At the top is a former tech guy, Microsoft co-founder Bill Gates, and his wife, Melinda. The Gateses have given away some $45 billion over the years to fight diseases like malaria, cholera, and tuberculosis. Fortune top editor Clifton Leaf, who wrote the cover story about their efforts, asked the Bill and Melinda Gates Foundation for an accounting of every grant it has made. “I got back a spreadsheet with 41,487 items,” Leaf reports. The spreadsheet undoubtedly was in Excel.
I encourage you to have a look at the whole list of leaders as well as Geoff Colvin’s masterful introduction, which focuses on the connection between leadership and “hardiness.” Despite Bill Gates being at the top, you won’t find a lot of tech leaders in this year’s ranking. Tim Cook, for leading his company into a new business model, and Masayoshi Son, for leading a reinvention of investing, are two.
I’ve long felt it is ironic that Gates eventually will be remembered as a canny and articulate philanthropist rather than as a ruthless and cunning technologist. The rest of the tech industry is pretty good at leading the way to making products that generate lots of profits but not much else. The greatness isn’t as apparent these days.
A quick note on Microsoft: Its newest Xbox won’t have a slot for discs. Young people undoubtedly will say “Duh!” to that, but it’s a big deal. Microsoft assumes most games will be downloaded or streamed. It’s also a reminder to add the software company to the list of would-be streamers—Disney, Apple, NBCUniversal, WarnerMedia, Google—who intend to join the fray soon.
Shares of IBM dipped 4% Wednesday after the technology behemoth reported declining revenue in its most recent quarter. What continues to amaze is how important IBM’s mainframe business remains. “Despite the chatter that ‘this time might be different,’” writes Bernstein analyst Toni Sacconaghi, “the mainframe (and associated offerings) is proving once again to be a highly cyclical and important driver of IBM’s overall financials.” Mainframe revenue was down 11% year over year.
Good timing. Did I say yesterday that Pinterest and Zoom would debut on the stock market on Friday? I did–but today is the IPO day. Both deals were priced for their initial investors on Wednesday evening. Pinterest stock was set at $19, above the range the company had predicted, and Zoom went out at $36, also slightly above its pre-deal range. Our own Lucinda Shen has advice on what to follow once the stocks start trading later today. And as Uber nears its own IPO, the startup is looking to share the load of developing self-driving cars. Outside investors including SoftBank and Toyota could pump $1 billion into the effort.
Killing me softly. If voice-controlled apps are the future, Facebook doesn’t want to be left out. The company is developing its own digital assistant to compete with the likes of Apple’s Siri and Amazon’s Alexa, CNBC reports. Microsoft already has a digital assistant, Cortana, named after a popular Xbox video game character. On Wednesday, in addition to the Xbox news Adam mentioned, Microsoft also unveiled the second generation of its Surface Hub computer. The PC with a 50-inch touch screen will sell for $9,000 starting in June.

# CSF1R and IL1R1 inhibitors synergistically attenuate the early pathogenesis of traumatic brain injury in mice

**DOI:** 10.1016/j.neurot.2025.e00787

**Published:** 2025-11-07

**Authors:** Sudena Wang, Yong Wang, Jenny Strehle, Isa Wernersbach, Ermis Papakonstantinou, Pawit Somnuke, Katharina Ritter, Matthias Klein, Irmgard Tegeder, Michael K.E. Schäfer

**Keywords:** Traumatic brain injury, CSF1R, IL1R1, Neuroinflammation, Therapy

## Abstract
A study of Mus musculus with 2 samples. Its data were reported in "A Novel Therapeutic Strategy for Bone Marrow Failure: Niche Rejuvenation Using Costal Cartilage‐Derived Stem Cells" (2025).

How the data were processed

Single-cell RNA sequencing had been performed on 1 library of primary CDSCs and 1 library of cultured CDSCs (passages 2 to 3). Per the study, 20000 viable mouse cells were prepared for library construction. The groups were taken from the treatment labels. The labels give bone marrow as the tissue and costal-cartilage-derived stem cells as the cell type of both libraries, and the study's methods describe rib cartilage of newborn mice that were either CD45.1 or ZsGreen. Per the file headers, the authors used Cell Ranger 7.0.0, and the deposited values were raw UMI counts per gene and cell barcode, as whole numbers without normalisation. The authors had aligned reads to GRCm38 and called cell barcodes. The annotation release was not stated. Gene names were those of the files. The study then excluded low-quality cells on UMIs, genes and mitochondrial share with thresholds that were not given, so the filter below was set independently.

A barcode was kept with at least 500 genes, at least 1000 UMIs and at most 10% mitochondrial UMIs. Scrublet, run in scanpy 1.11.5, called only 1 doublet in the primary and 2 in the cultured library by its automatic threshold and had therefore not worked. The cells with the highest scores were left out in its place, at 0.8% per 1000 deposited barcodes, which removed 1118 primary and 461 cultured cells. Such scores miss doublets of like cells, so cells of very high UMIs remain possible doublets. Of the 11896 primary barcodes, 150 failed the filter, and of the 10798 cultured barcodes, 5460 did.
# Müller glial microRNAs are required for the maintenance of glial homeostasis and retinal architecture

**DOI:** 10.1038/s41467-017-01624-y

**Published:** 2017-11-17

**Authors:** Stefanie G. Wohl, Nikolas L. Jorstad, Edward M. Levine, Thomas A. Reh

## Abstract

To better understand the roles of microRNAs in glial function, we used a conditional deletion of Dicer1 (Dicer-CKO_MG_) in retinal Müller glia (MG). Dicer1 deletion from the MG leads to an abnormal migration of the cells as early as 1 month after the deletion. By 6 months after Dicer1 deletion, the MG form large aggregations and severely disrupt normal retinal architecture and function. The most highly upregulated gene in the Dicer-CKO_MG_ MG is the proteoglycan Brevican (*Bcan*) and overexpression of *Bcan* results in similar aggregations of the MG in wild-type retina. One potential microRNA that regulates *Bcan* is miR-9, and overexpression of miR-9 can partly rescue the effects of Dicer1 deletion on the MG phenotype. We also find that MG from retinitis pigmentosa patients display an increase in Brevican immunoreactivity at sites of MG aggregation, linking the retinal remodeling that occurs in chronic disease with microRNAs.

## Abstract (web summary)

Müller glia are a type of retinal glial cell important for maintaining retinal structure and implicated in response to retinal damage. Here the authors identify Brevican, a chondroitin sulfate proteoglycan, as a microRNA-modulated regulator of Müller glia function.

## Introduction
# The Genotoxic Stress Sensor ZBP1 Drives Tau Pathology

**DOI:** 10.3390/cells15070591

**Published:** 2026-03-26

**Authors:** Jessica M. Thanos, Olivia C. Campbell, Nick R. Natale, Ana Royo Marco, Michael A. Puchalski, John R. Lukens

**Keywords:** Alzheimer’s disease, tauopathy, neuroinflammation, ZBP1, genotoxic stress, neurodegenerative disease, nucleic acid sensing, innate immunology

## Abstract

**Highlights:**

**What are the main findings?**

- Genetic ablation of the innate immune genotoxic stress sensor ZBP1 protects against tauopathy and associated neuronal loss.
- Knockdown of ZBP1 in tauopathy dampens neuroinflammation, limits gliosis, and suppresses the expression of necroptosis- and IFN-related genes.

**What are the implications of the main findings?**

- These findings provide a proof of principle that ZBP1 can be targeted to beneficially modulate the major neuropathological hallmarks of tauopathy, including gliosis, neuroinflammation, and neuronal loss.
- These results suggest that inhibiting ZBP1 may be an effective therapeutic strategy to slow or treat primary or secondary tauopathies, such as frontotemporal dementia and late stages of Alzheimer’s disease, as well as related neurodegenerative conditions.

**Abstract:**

Believing I had supernatural powers, I ran into a brick wall. After making little headway with Chinese shoppers, Amazon is closing its online store for the country. The company will continue other efforts there, including Amazon Web Services and its Kindle e-book store. In another deal related to China that went sour, Wisconsin’s new governor, Tony Evers, says Foxconn isn’t creating all the jobs promised and its subsidy and tax cuts package with his state needs to be revised.
Keep it secret, keep it safe. While most of Washington, D.C., focuses on some little report that’s due out today, another battle is brewing over the detailed annual privacy reports that Facebook has to submit to the Federal Trade Commission. The Electronic Privacy Information Center is suing to make the reports public, but Facebook is seeking to keep them…private. Across town at the Federal Communications Commission, chair Ajit Pai signaled his agency will reject an application from China Mobile to become a “common carrier” for international voice calls between the United States and other countries. The request “raises substantial and serious national security and law enforcement risks,” Pai said.
You’re folding it wrong. A few of the reviewers of the Samsung Galaxy Fold managed to break the folding display within days of getting the device. Samsung says it is looking into the matter, but the removal of a protective sheath of plastic may be to blame.
FOOD FOR THOUGHT
Tencent’s WeChat is one of the so-called super apps of Asia. Growing beyond its messaging roots, the app lets users do everything from play online group games to make mobile payments at retail locations. The United States doesn’t exactly have any super apps-at least not yet. Dennis Schaal investigates for Skift how Google is expanding its super popular Maps app into super app territory. It’s a popular take, but some disagree:
IN CASE YOU MISSED IT
BEFORE YOU GO
In a Venn diagram covering the intersection of our current pop cultural obsessions, you might find podcasts and HBO’s final season of Game of Thrones in the center. So New York Magazine‘s Vulture blog has taken the helpful step of finding the 10 best podcasts about GoT (actually, they’ve updated a post from 2017, but who’s counting?). I haven’t listened to many yet but some of the title puns are awesome: A Storm of Spoilers and Arya Talking to Me? Too funny.